Welcome to “What’s Up With Water” – your need-to-know news of the world’s water from Circle of Blue. I’m Eileen Wray-McCann.
In the United States, the holiday season was marked by winter storms that showed how vulnerable water systems are to extreme weather. Cold winters are unusual in the American South, but temperatures dipped below freezing in Alabama, Louisiana, Mississippi, and South Carolina. This cold plunge, especially in the Deep South, caused pipes to freeze, burst, and leak. Millions of gallons of water were spilled across the region, according to Al Jazeera. Over the Christmas weekend, the water treatment plant in Charleston, South Carolina, produced double the usual amount of water. City officials attributed the surge in water demand to leaking pipes. Towns in Kentucky were without water for days, according to the news station WYMT. And in Jackson, Mississippi, dozens of burst pipes added to a difficult year for the state’s capital city. Its water treatment plant failed in August during heavy rain, leaving 180,000 residents without tap water for days. Ahead of the new year, Jackson had another boil-water notice due to burst pipes.
California has also been battered by winter storms. Plumes of intense rain and snow hit the state last week, raising concerns about flooding and landslides in areas that are recovering from wildfires. California has had three consecutive dry years, so the moisture is needed to replenish reservoirs. But even with the storms, the state has a long-term water supply problem, shown in a new study based on satellite data. According to the study, California’s groundwater extraction has already exceeded what nature provides, and it accelerated in the Central Valley during the current drought. The Central Valley is one of the country’s most productive farming regions. In wet years, irrigation water comes from rivers. In dry years, though, farmers pump water from underground. The satellite data suggests that excessive pumping is taxing the groundwater system. Between 2019 and 2021, groundwater depletion was five times higher than average over the previous 60 years. There are consequences when groundwater is depleted. Thousands of household wells have gone dry and the land in some areas is sinking. Roads and canals have been damaged by the land subsidence, costing hundreds of millions of dollars to repair. California lawmakers intend to bring supply and demand back into balance. They passed a bill in 2014 that requires groundwater basins to be sustainably managed. However, it is not a quick fix. Water managers have until 2040 to meet the requirements. The authors of the satellite study say that timeline is too slow. They argue that the state’s groundwater depletion is a major economic, environmental, and social risk that demands a faster response.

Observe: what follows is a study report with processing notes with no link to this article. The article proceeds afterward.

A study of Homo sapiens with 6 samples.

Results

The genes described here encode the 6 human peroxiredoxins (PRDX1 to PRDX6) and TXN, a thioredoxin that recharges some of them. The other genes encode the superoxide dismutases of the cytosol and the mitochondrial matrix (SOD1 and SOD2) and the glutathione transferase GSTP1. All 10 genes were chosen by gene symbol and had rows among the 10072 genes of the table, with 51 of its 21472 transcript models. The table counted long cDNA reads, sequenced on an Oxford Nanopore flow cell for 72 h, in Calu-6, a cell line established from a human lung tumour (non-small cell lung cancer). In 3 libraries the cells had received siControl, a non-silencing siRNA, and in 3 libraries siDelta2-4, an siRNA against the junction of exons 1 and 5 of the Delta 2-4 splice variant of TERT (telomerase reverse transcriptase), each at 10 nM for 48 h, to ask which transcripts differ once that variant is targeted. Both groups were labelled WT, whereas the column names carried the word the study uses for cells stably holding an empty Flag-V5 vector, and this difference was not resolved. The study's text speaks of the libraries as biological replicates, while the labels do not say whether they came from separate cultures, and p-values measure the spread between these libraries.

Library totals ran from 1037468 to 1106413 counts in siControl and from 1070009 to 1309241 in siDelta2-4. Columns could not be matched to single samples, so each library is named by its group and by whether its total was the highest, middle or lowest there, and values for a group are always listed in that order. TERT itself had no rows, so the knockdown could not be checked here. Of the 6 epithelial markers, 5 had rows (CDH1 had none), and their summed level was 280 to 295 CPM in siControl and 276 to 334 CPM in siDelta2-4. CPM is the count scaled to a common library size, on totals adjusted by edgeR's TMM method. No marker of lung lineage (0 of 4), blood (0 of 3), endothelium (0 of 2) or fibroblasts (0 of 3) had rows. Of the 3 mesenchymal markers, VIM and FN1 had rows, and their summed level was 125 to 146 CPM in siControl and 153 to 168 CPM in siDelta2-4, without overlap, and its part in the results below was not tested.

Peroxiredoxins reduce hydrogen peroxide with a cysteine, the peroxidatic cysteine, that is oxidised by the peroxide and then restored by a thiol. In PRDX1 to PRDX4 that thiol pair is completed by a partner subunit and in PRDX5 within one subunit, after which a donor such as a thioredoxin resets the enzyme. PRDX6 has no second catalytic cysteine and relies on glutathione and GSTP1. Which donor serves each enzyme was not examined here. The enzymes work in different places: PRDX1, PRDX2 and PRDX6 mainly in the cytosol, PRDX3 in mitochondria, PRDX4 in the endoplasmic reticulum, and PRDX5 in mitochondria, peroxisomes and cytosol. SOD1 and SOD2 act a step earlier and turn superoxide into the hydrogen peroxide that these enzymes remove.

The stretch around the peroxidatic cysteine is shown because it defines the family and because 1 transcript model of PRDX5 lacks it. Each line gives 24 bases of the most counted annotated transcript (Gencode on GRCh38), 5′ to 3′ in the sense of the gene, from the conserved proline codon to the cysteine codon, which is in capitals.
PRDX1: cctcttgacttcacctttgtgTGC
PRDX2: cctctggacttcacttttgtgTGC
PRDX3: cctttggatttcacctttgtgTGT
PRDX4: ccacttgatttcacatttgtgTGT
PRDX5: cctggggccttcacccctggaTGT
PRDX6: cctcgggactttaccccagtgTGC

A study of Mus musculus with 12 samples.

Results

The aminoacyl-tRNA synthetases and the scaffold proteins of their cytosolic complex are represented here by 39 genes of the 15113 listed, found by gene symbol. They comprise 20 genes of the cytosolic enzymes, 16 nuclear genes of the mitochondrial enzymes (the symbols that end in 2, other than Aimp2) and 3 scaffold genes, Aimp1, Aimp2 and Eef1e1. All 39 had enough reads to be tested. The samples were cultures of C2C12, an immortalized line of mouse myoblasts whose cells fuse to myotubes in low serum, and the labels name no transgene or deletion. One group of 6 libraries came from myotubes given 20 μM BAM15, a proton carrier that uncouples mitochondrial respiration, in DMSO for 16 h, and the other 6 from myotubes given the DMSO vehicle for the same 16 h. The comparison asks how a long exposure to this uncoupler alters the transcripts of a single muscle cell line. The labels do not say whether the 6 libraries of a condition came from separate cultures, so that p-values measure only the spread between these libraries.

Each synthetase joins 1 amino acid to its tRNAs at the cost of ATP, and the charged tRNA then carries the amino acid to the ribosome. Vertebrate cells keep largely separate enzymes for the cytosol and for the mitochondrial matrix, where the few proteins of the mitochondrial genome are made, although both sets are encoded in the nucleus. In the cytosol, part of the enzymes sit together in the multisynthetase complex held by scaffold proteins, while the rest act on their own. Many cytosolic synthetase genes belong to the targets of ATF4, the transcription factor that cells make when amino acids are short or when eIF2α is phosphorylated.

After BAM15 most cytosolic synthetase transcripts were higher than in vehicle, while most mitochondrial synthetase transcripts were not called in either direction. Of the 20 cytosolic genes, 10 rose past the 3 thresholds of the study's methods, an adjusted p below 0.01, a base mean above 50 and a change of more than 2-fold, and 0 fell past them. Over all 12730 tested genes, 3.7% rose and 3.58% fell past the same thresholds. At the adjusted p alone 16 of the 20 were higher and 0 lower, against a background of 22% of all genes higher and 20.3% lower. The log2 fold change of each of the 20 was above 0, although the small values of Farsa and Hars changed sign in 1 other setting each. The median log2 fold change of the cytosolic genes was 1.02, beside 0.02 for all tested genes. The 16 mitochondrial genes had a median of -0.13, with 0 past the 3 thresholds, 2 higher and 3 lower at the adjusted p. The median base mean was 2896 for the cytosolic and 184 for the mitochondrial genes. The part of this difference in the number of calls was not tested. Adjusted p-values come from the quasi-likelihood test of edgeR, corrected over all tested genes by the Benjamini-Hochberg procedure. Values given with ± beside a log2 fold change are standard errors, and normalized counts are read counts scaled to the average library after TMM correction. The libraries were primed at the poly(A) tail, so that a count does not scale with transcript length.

Water shortages, weather disasters, and climate instability are uprooting people from their homes. For the first time, U.S. officials have an idea about how many people are being displaced. New data from the Census Bureau indicates that some 3 million people in the country were displaced by weather disasters in the last year. According to the Associate Press, about half of the affected people left home due to hurricanes. Being displaced could mean finding a hotel room to ride out the storm. Or it could mean living in a temporary trailer because your home was damaged. Displacement was most widespread in Louisiana, where 15 percent of the state’s residents left home last year because of a weather disaster. People who were displaced tended to be poorer than the average American. Most people were able to return home within a week. But for some, the dislocation was permanent. About one in six residents who were displaced moved elsewhere after the storm.
And that’s What’s Up With Water from Circle of Blue, where water speaks. You’ll find more news and analysis – and a chance to support our work  – at This is Eileen Wray-McCann – thanks for being here.